Over fifty years have passed since the introduction of the Immigration Act. However, it is clear that its effects do not correspond to the legislators’ original intentions. The Act has eliminated immigration quotas. In subsequent years, the immigration patterns have significantly changed. The number of Americans born outside the country has tripled. Unlike previous years, nowadays, the population has become more diverse. The current paper seeks to examine the major changes in immigration policy since the passage of the law, how new immigrants differ from previous ones, their contributions to U.S. identity, and the overall attitude towards race and newcomers, referring to the studies of such experts as Ira Berlin and Mae Ngai.
The USA is deservedly regarded as a nation of immigrants. Even Native Americans are related to immigrants as their ancestors came to North America thousands of years ago. Like current immigrants, early immigrant groups left their homeland to escape domestic issues and enjoy new opportunities in the USA. The settlers wrote letters back home, describing streets covered with gold. Many immigrants came to the USA because of equality, freedom, and wealth.In the 1800s-1920s, people migrated to American shores from Europe (Daly 386). Unlike today’s immigrants, old ones easily adapted to America. Ngai disagrees with the attempts to expel immigrants after they have settled and assimilated into the new country (59). The modern immigrant’s life is filled with past memories, the constant struggle, and ongoing learning. Today, migrants from all over the world work hard to master a new language, get along with locals, and cope with unfamiliar things.
Immigration to the USA reached a new peak in the mid-20th century. From the cultural perspective, Greek, Russian, and Italian immigrants have significantly differed from old immigrants, and it has been difficult for them to assimilate and integrate into the new society. It has occurred due to the fact that their social identity has been rooted in history for many years (Berlin). The majority of immigrants has been living in poor urban neighborhoods and tenements. They have freely spoken their native language, practiced religion, and followed traditions. Unlike old immigrants, new ones have been poorer. Illiteracy even in own language has become commonplace among these individuals. Some of them have fled the native country because of persecutions and lack of democracy.
Ira Berlin has dedicated most of his studies to immigration issues and highlights the importance of comprehensive legislation in this regard. The Immigration and Nationality Act developed in 1965 is as significant as the Voting Rights Act signed in the same year, particularly, in the transformative period for the U.S. society (Berlin). It has been estimated that in the early 2000s, 10 percent of African Americans were children of immigrants or immigrants who were long denied a past (Berlin). The author claims that legislators and policymakers should have done their best to eliminate discriminative elements promoting a knowingly false vision that all immigrants are second-class people. Berlin also questions immigrant legislation and highlights the fact that it failed to resolve the issue of nation’s identity.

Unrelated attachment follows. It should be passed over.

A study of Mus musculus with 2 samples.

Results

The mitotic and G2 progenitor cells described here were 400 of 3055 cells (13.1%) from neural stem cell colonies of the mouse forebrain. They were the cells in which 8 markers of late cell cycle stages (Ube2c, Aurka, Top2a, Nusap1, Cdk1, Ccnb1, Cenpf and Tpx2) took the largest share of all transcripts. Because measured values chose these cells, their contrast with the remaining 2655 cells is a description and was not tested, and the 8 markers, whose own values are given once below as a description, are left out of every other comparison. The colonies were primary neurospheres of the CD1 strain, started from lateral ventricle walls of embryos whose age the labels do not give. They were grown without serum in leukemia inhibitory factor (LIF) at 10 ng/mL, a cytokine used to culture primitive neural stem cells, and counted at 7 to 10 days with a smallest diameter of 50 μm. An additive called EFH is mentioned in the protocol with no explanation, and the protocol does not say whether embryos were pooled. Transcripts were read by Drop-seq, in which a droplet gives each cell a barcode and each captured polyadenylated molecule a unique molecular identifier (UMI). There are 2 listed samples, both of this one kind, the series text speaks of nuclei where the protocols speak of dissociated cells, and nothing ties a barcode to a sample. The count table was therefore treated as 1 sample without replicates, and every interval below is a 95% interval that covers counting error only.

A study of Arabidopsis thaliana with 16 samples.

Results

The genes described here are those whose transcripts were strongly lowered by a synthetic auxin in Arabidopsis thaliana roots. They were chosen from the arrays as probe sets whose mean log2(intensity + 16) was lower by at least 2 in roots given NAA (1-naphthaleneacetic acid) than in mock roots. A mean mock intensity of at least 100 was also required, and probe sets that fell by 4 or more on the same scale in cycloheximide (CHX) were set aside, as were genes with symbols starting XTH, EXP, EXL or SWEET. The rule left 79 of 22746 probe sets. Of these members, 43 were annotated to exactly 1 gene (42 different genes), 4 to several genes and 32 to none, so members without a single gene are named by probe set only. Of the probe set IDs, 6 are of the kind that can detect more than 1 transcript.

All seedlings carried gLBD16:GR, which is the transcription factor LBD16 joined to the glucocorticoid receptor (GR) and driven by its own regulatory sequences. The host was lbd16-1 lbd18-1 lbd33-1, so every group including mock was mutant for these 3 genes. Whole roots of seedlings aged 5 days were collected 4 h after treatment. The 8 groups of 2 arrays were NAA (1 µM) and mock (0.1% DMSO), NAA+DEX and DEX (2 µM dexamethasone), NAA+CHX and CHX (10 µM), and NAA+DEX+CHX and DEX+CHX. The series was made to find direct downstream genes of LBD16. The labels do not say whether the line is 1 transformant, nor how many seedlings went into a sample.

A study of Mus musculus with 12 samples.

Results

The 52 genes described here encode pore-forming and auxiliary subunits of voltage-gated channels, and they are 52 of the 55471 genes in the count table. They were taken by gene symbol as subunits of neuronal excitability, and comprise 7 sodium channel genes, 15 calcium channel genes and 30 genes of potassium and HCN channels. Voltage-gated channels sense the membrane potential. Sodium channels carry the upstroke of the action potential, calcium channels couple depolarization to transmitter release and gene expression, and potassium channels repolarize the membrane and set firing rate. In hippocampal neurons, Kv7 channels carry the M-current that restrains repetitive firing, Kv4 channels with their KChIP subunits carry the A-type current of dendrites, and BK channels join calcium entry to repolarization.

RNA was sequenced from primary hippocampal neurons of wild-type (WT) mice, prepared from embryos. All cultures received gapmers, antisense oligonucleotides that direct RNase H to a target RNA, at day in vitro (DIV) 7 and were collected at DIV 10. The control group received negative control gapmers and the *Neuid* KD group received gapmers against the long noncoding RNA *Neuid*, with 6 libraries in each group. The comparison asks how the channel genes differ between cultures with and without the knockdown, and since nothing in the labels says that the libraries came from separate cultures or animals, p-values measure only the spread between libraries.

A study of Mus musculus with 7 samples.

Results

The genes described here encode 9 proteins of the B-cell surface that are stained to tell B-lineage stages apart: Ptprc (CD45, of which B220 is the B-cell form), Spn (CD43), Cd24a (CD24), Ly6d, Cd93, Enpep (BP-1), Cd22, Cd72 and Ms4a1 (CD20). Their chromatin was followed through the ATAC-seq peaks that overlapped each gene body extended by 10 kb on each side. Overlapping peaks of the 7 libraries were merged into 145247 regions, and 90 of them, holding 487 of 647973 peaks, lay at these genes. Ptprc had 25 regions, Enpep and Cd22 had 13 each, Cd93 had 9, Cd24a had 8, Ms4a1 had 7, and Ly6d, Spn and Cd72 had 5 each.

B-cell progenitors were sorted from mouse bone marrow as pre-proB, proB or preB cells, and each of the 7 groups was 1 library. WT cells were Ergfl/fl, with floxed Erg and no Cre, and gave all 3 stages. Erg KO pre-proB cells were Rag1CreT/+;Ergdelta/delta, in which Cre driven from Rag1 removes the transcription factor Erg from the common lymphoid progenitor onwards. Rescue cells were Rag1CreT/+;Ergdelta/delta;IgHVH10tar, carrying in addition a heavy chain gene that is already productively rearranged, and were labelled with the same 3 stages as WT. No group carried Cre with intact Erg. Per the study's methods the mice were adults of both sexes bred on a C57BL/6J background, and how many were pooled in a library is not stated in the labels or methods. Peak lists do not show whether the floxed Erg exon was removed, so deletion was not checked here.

The debates and disputes over the immigration policy focus on the unlawful status of newcomers. Many studies highlight the fact that even a legal statute does not make immigrants immune from hostility and aggression. Xenophobia and anti-immigrant sentiments were commonplace in the past. Therefore, a new immigration policy should support the centrality of autonomy as a claim to national rights and theory of power (Ngai 12). More than half of Americans consider that newcomers have strengthened the U.S. society, while others perceive new immigrants as a significant threat to America’s values, customs, and traditions. In the1960s-1970s, the number of individuals coming to the USA increased from 3.3 million to 4.5 million (Berlin). The country has become more experienced, and thousands of non-European immigrants have integrated into the society mostly due to the abolishment of the national origins quota system (Ngai 3). One’s opinion on ethnicity and race has shaped attitudes towards newcomers. Due to personal thinking and consciousness, the residents’ views on discrimination and racism are biased. Because of racial issues, most newcomers have lost faith in the bright future. They still fear that their actions, attempts, and initiatives will bring nothing but failure. Because of unequal treatment and uncertainty, newcomers have lost faith. Nowadays, Americans have mixed views on the immigrants’ impact on the American society. Ngai argues that the reformers should determine conditions under which foreigners can enter and remain in the country, thereby protecting themselves from possible exile by the government (1). While some people see immigration as a negative phenomenon in the economic and criminal contexts, others view it as a positive phenomenon in the humanitarian context.
To conclude, the number of illegal individuals has grown in recent years, and the USA has been transformed into the nation of immigrants. Hostility and anti-immigrant sentiments have increased with the new wave of immigration that coincided with the industrial revolution. Nostalgia has a strong influence on newcomers’ cultural pursuits. However, immigrants and their children have already enjoyed a great opportunity to show their worth in various spheres of life.